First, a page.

Your old iPhone is feeling its age; apps crawl to open, animations couldn’t be choppier, keyboards lag like no one’s business. Before you throw in the towel and upgrade to the latest and greatest Apple device, consider simply upgrading the battery instead.
It’s possible your old iPhone is a perfectly good iPhone, even in 2021, it’s just that the battery is a dinosaur. As explained in this post, batteries age (even with “perfect” use), and, as they age, they stop holding their initial maximum charge.
An iPhone that’s four, three, or even just two years old can have batteries that feel like they can’t be trusted past your morning cup of coffee. But it’s not just battery life that takes a dive here; it’s your entire iPhone experience.
Why an old battery slows down your iPhone
Apple’s hardware and software can be so demanding on an ageing battery that your iPhone can unexpectedly shut down under too much activity. In order to avoid this from happening frequently, Appleautomatically underclocks (slows down) your iPhone’s processor, giving the battery a break at the cost of performance.
The company actually got into some hot water about this strategy years ago, since they — oops — didn’t actually tell anyone about it. Users had speculated for years that Apple was slowing down their older iPhones on purpose, and even with a solid reason behind it, it wasn’t a good look when it was confirmed to be true.
Apple didn’t change its ways after this scandal broke, but it did become more transparent about them: You now have access to on-device battery tools that can let you know if a simple battery replacement will speed up your iPhone.
How to check your iPhone’s battery health
Head over to Settings > Battery > Battery Health. Here, you can see your iPhone battery’s “Maximum Capacity,” which is a measurement of how much charge the battery can hold compared to when it was new. If your maximum capacity is 78%, for example, then charging your battery to 100% is really like operating at 78% when you first got the phone. Not ideal.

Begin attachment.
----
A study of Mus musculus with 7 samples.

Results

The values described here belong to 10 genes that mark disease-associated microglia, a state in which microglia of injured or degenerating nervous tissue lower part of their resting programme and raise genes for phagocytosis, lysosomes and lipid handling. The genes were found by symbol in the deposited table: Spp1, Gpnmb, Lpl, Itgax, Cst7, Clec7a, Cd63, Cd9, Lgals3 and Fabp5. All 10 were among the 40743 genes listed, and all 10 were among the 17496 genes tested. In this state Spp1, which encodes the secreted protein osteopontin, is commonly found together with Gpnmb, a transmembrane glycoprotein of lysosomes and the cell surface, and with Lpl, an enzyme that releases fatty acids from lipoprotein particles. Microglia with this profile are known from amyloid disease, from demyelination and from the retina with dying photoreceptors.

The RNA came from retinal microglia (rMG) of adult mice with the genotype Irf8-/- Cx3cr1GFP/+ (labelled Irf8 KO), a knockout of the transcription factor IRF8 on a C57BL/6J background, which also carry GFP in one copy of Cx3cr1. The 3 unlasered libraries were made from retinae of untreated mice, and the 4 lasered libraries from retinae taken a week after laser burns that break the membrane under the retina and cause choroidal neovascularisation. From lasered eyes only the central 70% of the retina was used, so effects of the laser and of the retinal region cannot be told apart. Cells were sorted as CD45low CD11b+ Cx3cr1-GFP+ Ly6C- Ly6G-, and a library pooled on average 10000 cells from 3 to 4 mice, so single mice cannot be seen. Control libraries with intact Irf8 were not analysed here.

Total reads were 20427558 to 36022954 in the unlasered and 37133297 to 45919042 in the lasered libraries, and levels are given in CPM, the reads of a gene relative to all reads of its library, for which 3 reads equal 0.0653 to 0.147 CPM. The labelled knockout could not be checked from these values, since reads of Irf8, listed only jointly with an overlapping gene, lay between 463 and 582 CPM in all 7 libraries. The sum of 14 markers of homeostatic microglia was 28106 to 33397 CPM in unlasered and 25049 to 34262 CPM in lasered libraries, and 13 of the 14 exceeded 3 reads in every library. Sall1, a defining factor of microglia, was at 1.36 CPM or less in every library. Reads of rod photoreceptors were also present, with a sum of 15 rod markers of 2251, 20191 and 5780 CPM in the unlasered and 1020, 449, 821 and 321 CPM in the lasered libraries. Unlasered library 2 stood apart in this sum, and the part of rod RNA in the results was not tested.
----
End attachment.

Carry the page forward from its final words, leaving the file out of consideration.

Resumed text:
Now, check “Peak Performance Capability.” If everything is running as it should, you’ll see “Your battery is currently supporting normal peak performance.” However, you might see the following instead:
This iPhone has experienced an unexpected shutdown because the battery was unable to deliver the necessary peak power. Performance management has been applied to help prevent this from happening again. Disable…
That means that, at some point, your battery was too weak to handle your iPhone’s full potential, resulting your iPhone shutting down unexpectedly. In response, iOS underclocked the processor, helping the battery while, at the same time, driving you insane.
What you can do about it
You can disable this slowdown by tapping “Disable,” theoretically restoring your iPhone to full speed, but know that you’re risking another unexpected shutdown in the future. To avoid repeating this process over and over again, the more solid solution is not to get a phone, but simply to replace the battery altogether.
It won’t break the bank, either: Even with services provided by Apple, a new battery will run you $US49 ($66) or $US69 ($93), depending on your iPhone model. Compared to the price of buying a new iPhone, replacing the battery is a steal, and it’ll speed everything back up again.
Even after the coming launch of iOS 15, Apple will be supporting iPhones that were released as far back as 2015. It’s never been easier to hang on to your old tech and avoid spending serious cash on a new device you don’t really need. If all it takes to make your iPhone 6S usable six years after you bought it is a $US49 ($66) battery upgrade, that sounds like a no-brainer to me.